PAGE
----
Like smart politicians, Canadian manufacturers showing at WWDMAGIC understand the importance of winning over soccer moms, a demographic whose fashion needs have been, for the most part, overlooked in the day-to-day realm.

Retailers are beginning to reap the rewards of offering 30- to 45-year-old women occupying the vast stylistic middle between, say, Jenna and Laura Bush, budget-friendly options for head-to-toe dressing.

Retailers' attempts to win over this demographic haven't always been fruitful. The Gap Inc.-owned Forth & Towne and Gymboree's Janeville both closed last winter, and Abercrombie & Fitch Co. is reportedly still tweaking its Martin + Osa assortment. But INC, the Macy's private label collection for women in their 30s and 40s, ranks as one of the chain's most profitable departments. Bloomingdale's has followed suit with Quotations, featuring 14 brands with contemporary-worthy styles and more forgiving fits.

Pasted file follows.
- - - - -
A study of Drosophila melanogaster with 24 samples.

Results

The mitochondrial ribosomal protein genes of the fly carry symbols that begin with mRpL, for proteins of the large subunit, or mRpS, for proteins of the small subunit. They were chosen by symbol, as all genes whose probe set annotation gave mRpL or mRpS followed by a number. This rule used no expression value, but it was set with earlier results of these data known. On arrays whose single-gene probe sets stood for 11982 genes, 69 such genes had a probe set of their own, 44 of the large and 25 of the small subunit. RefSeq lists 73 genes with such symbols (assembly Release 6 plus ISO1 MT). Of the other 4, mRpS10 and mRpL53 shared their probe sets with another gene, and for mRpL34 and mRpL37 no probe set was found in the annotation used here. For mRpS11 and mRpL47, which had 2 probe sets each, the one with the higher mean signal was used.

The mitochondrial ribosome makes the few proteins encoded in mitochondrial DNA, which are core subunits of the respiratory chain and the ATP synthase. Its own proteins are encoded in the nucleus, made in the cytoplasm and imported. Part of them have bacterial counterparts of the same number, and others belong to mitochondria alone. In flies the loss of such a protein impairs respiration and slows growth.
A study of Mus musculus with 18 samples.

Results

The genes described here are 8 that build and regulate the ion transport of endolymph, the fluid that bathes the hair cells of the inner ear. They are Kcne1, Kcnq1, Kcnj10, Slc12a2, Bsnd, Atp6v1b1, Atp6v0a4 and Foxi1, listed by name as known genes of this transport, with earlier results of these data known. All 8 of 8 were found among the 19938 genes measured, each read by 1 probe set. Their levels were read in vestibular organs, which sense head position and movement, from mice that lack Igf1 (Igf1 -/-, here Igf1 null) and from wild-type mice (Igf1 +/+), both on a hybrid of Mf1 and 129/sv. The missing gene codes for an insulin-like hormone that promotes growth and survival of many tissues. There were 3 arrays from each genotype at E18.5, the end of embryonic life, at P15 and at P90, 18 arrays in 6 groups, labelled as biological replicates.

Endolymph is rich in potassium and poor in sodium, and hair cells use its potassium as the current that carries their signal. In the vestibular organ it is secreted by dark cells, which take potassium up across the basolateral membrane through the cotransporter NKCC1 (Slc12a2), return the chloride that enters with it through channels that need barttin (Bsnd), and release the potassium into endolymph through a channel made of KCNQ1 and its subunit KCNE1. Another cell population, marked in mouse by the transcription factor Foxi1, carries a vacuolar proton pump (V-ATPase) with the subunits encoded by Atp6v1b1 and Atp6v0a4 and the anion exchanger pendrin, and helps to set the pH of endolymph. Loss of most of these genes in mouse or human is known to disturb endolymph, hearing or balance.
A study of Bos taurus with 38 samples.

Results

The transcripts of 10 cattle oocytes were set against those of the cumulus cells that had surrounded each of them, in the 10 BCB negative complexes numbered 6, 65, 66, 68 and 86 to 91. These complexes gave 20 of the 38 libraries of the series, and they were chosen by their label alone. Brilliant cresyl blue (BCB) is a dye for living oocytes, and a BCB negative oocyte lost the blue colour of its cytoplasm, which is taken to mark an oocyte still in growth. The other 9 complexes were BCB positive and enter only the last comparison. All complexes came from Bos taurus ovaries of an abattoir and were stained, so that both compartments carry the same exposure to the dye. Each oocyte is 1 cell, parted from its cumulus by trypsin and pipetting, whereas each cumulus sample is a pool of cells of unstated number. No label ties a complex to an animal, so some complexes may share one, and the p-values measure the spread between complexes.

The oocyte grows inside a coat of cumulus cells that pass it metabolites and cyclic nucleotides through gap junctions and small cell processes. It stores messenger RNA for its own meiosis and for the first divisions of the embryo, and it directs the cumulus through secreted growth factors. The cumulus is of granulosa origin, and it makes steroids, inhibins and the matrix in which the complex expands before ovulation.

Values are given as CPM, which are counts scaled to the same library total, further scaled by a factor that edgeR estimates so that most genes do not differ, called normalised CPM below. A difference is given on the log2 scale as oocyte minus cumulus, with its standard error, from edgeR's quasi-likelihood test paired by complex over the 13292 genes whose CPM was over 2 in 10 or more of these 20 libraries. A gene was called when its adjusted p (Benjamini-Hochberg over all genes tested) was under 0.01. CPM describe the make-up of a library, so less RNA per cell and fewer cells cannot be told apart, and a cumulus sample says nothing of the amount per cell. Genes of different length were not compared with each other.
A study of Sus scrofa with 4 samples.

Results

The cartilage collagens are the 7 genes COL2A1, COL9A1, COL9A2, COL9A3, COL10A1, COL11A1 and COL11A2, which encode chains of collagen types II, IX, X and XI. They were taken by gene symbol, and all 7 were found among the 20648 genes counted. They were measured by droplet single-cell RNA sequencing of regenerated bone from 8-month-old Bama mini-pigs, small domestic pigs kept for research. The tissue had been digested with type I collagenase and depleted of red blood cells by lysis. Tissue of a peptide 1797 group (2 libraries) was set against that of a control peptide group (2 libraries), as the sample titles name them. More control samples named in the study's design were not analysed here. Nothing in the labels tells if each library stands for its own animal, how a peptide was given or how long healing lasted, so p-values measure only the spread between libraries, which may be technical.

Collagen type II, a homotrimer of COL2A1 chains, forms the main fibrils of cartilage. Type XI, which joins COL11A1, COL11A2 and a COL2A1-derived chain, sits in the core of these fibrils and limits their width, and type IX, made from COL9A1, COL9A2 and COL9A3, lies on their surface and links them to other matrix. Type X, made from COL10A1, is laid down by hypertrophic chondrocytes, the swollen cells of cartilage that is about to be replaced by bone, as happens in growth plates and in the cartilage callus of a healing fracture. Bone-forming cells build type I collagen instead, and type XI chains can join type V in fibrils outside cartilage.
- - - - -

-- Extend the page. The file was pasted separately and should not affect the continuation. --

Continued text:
So where do brands from the United States' neighbor to the north fit into the picture? "We really fill a great big white space out there," said Lani Karls, vice president, creative director and co-founder of Mac & Jac, a thirtysomething-focused Vancouver-based line, as well as its younger-focused sister labels Kensie and KensieGirl. All three lines were acquired by Liz Claiborne Inc. early last year.

"The Mac & Jac customer wants quality, and she wants clothes that can take her from the office to a dinner date," said Karls. "She wants to look good, but not at designer prices."

Women in this demographic tend to be both budget-conscious and seekers of quality, said executives. That can be a tough combination to deliver, but Canadian manufacturers said they are familiar with the challenge, perhaps more so than their American counterparts.

"The Canadian market is so tough. It's driven by quality-price, quality-price, quality-price," said Sandy Dombroski, vice president at Kersh, a knitwear brand based in Vancouver. "Consumers here have always demanded that and have driven us to offer it."

Mac & Jac's Karls agreed. "Canadians have a more European attitude towards clothing — they don't view it as being disposable, even though they are seeking great value. The craftsmanship has to be there too," she said.